By Deborah Hammonds, J.D.

An energy commodities broker who claimed her former employer interfered with her potential new job by telling that company about their pending legal dispute was allowed to proceed with her retaliation claims under Title VII and state law, ruled a federal district court in Connecticut. Though her former employer appeared to argue that a true statement cannot rise to a Title VII violation, the court explained that “a true statement offered in retaliation for protected conduct could qualify as a retaliatory act in some circumstances” (Shakerdge v. Tradition Financial Services, Inc., September 26, 2017, Bolden, V.).

Former employer allegedly fostered discriminatory environment. After she was fired by her former employer in June 2015, the plaintiff filed suit under Title VII and the Connecticut Fair Employment Practices Act (CFEPA) alleging that she had been subjected to a working environment where crassness and bias pervaded the trading room. She was the only woman on the trading floor where the other brokers, approximately 35 men, made sexist and racist comments, viewed porn, and engaged in other discriminatory behavior. She also alleged she was often subjected to misogyny and physical harassment from her supervisors, despite her repeated complaints.

New job offer revoked. In January 2016, the plaintiff was offered a job at another brokerage firm. While counsel negotiated the final details of her employment agreement, she went to the office, filled out HR paperwork and was given computer access as well as an email address. After working a full day for the company, she received a text from HR, asking her not to come back until there was a signed employment agreement. The next day, she was notified that the job offer had been rescinded. Another broker later told her she was fired “because of her legal dispute” with her former employer and that he knew because he sat near the HR offices and could hear most of their conversations.

Retaliation claim. The plaintiff filed an amended complaint adding claims that she was retaliated against for engaging in protected activity. Her former employer sought to dismiss the claims, arguing that the retaliation counts were insufficiently pled and failed to state a claim upon which relief could be granted. It argued that the plaintiff failed to allege any facts showing it engaged in conduct capable of hindering her employment with the new company and that it did so in retaliation for her filed charge.

Denying the employer’s motion, the court wrote that while the amended complaint did lack specific allegations in several parts, considering both the Second Circuit’s “minimal evidence” standard applicable in Title VII cases and the amended complaint as a whole, and drawing all reasonable inferences in the plaintiff’s favor, she had plausibly stated a retaliation claim upon which relief may be granted.

Adverse employment action. The first prong for “participation in a protected activity” was fulfilled with the plaintiff’s CHRO complaint. For the second prong, the employer offered no evidence it was unaware of that filing at the time of the alleged retaliation. For the third prong, the employer argued that the plaintiff had not plausibly pled an adverse action to sustain a retaliation claim.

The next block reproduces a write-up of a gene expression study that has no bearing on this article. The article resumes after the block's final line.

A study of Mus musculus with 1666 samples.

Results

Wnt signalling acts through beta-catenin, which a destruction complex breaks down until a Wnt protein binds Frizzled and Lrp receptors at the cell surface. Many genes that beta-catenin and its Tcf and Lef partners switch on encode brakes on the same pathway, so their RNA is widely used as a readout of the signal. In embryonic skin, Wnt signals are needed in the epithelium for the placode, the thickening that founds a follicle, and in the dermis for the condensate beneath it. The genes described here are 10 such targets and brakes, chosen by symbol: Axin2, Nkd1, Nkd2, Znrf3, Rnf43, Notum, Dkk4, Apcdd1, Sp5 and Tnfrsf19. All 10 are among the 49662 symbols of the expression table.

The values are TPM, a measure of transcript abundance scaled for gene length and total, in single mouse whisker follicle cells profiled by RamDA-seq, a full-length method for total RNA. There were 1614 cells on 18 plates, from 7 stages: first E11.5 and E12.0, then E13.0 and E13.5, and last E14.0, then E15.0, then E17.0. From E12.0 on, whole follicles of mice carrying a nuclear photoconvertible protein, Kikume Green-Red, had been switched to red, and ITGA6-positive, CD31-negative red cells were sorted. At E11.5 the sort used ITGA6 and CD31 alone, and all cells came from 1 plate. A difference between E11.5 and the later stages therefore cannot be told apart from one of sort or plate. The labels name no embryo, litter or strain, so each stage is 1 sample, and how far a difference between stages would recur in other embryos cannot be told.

First, the court noted that a negative reference or similar actions taken with respect to a new prospective employer can be considered an adverse action and therefore provide support for a retaliation claim. The employer appeared to argue that a true statement, offered in retaliation, cannot rise to a Title VII violation. However, that is not the standard, and a true statement offered in retaliation for protected conduct could qualify as a retaliatory act in some circumstances, wrote the court.

Plausible link to withdrawn job offer. Second, the plaintiff alleged specific facts that sustained the claim as plausible. While the employer argued that the lack of specific dates, people, or acts in the complaint meant the claims must be dismissed, the court pointed out that the plaintiff had alleged that the new company essentially hired her, registered her with a regulatory body, and then “rescinded” the offer because of her CHRO complaint. Her argument was that, absent some adverse action on the part of her former employer, the new company would not have taken such an unlikely series of steps. She also alleged specific adverse actions by her former employer; that it “encouraged” the new company to take the steps it did; and that there was an attempt to blacklist her within a field with few employers.

The new company may have acted independently of any action on the part of the former employer when it rescinded its offer of employment, even after the plaintiff began working there. But it was certainly plausible that the new company contacted the plaintiff’s former employer and that the former employer had some role in the subsequent dismissal.